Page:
Turkish Airlines Annual Report 2010

14 Training Aircraft

The Flight Training Center, which is equipped with 14 training planes and 7 flight simulators, is recognized by national and international customers as a professionally qualified organization.

Cabin and cockpit personnel are trained at the Turkish Airlines Flight Academy.

A leader in flight training among the countries in Turkey’s region, Turkish Airlines provides international standard-compliant training services at its recently renovated Flight Academy both to its own personnel and to its corporate customers.


9,341

Cabin Personnel Trained
The Cabin Training Department provides training on 23 different subjects. Operating on a double shift, the department provided training to 9,341 cabin personnel during 2010.

23

Different categories of training for 9,314 cabin personnel

14,194

Cockpit Personnel Trained
A total of 14,194 cockpit personnel took part in training in 31 different areas consisting primarily of conversion, type, and recurrent training at the Turkish Airlines Flight Academy.

Human Resources and Training / Flight Training

 

The Prerequisite for Success: Superior Training

Providing national and international standard-compliant flight training to cockpit and cabin personnel, the Turkish Airlines Flight Training Center has been Turkey’s biggest training center in continuous operation since 1994.

Having commenced operations in 1995 with a single flight simulator, the Flight Training Center is presently equipped with:
•  14 training planes (10 C-172s, 2 DA 42s, 2 C510s)
•  7 flight simulators
•  1 CEET, 1 FNPT II, 2 IPT, 2 CST, 4 CBT trainers
•  24 classrooms.

The Turkish Airlines Flight Training Center is recognized by national and international customers as a fully qualified professional organization.

The center has concluded an agreement for a new B737-800 simulator. One B777 Door Trainer and two IPT (instrument procedures-trainer) units, which are currently being installed, are scheduled to go into service during 2011.

The center is structured so as to permit it to operate jointly with Turkish Airlines’s business partners. By exchanging knowledge and experience with other flight simulator and training centers, it seeks to keep its resource access current while maintaining its own integration with the market.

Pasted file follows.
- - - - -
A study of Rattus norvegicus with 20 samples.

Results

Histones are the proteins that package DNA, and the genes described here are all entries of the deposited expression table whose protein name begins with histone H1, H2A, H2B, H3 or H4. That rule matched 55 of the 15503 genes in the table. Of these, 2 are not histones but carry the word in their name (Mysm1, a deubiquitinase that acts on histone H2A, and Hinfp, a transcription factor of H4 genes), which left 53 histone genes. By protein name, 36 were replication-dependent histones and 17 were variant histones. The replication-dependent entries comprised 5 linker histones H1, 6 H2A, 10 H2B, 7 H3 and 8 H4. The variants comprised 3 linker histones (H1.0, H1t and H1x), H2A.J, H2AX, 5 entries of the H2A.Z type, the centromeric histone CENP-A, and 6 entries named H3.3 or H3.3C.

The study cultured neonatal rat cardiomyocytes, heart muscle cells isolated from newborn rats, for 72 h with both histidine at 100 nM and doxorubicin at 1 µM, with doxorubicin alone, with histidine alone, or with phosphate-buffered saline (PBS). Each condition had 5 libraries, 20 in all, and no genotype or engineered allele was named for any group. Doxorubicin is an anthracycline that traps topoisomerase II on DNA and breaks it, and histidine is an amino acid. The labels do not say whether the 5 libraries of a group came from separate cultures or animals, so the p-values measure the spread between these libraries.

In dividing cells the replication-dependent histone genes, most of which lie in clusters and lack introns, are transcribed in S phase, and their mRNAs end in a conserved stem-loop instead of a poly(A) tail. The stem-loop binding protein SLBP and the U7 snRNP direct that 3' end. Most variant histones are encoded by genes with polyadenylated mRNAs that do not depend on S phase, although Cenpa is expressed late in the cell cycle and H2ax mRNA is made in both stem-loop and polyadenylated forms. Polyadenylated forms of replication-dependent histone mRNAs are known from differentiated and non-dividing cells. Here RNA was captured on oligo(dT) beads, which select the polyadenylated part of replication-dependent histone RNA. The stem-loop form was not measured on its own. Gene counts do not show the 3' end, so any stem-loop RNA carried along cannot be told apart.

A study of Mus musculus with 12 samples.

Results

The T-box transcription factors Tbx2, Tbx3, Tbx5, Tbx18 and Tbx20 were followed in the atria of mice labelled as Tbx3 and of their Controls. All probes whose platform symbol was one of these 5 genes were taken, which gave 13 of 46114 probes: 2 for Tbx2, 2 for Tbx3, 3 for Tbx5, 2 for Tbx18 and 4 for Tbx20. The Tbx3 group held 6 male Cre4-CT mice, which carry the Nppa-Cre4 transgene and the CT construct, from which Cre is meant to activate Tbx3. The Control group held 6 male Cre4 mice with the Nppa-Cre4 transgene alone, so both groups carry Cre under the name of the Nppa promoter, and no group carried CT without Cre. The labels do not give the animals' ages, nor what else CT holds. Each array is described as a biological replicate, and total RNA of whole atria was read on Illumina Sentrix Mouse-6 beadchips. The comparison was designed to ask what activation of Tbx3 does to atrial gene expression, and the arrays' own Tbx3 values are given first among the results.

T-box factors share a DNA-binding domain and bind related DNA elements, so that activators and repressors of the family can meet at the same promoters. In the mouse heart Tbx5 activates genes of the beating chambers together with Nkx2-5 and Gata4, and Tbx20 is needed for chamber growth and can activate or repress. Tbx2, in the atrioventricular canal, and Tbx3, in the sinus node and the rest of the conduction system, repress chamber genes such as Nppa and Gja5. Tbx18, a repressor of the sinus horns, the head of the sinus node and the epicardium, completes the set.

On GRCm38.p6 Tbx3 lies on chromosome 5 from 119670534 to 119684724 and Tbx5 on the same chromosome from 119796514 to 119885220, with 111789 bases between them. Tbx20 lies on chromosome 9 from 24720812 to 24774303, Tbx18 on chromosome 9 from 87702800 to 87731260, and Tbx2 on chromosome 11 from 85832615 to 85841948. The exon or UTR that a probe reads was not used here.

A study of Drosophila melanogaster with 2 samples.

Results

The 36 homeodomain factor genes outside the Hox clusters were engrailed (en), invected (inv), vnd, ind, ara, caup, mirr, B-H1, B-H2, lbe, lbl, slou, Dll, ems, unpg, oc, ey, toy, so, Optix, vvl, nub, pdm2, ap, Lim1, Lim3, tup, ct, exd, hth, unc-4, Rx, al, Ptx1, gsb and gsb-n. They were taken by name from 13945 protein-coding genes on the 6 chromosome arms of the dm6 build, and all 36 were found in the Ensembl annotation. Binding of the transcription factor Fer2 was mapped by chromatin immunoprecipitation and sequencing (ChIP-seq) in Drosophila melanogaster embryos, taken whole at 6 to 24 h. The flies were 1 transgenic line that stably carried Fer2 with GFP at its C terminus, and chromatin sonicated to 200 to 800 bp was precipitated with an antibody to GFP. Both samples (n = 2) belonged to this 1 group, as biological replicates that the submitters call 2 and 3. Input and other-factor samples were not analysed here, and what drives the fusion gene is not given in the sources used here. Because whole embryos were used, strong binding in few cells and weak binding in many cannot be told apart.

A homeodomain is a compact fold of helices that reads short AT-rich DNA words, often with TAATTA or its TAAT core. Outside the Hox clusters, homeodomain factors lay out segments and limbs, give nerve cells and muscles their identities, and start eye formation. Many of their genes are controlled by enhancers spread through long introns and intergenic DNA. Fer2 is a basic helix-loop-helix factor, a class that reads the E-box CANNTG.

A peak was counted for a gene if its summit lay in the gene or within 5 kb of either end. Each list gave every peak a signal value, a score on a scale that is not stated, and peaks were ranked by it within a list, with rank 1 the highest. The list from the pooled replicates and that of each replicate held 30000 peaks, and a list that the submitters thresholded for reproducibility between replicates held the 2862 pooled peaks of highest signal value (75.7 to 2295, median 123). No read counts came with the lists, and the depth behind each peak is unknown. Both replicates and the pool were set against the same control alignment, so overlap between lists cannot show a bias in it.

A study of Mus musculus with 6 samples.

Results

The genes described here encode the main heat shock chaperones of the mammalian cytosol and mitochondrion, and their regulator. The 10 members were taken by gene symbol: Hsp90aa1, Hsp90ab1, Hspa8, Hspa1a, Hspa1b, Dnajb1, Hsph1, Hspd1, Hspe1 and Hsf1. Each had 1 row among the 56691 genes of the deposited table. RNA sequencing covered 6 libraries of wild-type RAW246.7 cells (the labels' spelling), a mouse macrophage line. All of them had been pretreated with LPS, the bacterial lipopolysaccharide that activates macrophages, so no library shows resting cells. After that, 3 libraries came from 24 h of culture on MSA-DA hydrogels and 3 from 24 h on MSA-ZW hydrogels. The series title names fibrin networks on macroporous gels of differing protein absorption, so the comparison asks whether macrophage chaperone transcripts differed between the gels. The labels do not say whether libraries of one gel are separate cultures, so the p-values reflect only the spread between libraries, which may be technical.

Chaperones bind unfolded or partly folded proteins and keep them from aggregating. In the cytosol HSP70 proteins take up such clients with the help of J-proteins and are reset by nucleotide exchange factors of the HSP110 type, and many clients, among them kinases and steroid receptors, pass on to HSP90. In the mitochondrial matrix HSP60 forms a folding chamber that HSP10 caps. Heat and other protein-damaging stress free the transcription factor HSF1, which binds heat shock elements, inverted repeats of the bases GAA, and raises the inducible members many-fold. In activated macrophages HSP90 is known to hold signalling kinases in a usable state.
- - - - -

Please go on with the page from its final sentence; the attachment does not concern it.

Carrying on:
Professional Training
In the process of recovery taking place in the wake of the global economic crisis during which many airlines put off their investments in operations and training, Turkish Airlines maintained its high standards of cockpit and cabin crew training in parallel with the rapid growth in its own fleet. New flight simulators and training planes were procured and average training time per person was increased.

At the Flight Training Academy, which is a part of the Turkish Airlines Flight Training Center, pilot training was provided to 70 students and to 21 trainers during 2010. Operating on a double shift, the Cabin Training Department provided training to 9,341 cabin personnel last year. In the case of cockpit training, which concentrates primarily on conversion, type, and recurrent training, a total of 14,194 cockpit personnel took part in training in 31 different areas. Turkish Airlines corporate culture training was also provided to support the orientation of foreign national pilots who joined Turkish Airlines in conjunction with the B777 fleet.

During the course of all scheduled and unscheduled IATA Operational Safety Audit (IOSA) and other national and international inspections conducted during 2010, the Turkish Airlines Flight Training Center passed every one with zero non-compliance. The center holds IQNet-approved TSE 9001, 18001, and 14001 quality certificates and conducts all of its operations without any letup of pace under Turkish Civil Aviation Authority TRTO and FTO authorizations, as a Ministry of Health-certified first-aid center, and as a Ministry of National Education-approved educational institution.

Turkish Airlines maintained its high standards of cockpit and cabin crew training in parallel with the rapid growth in its own fleet. New flight simulators and training planes were procured and average training time per person was increased.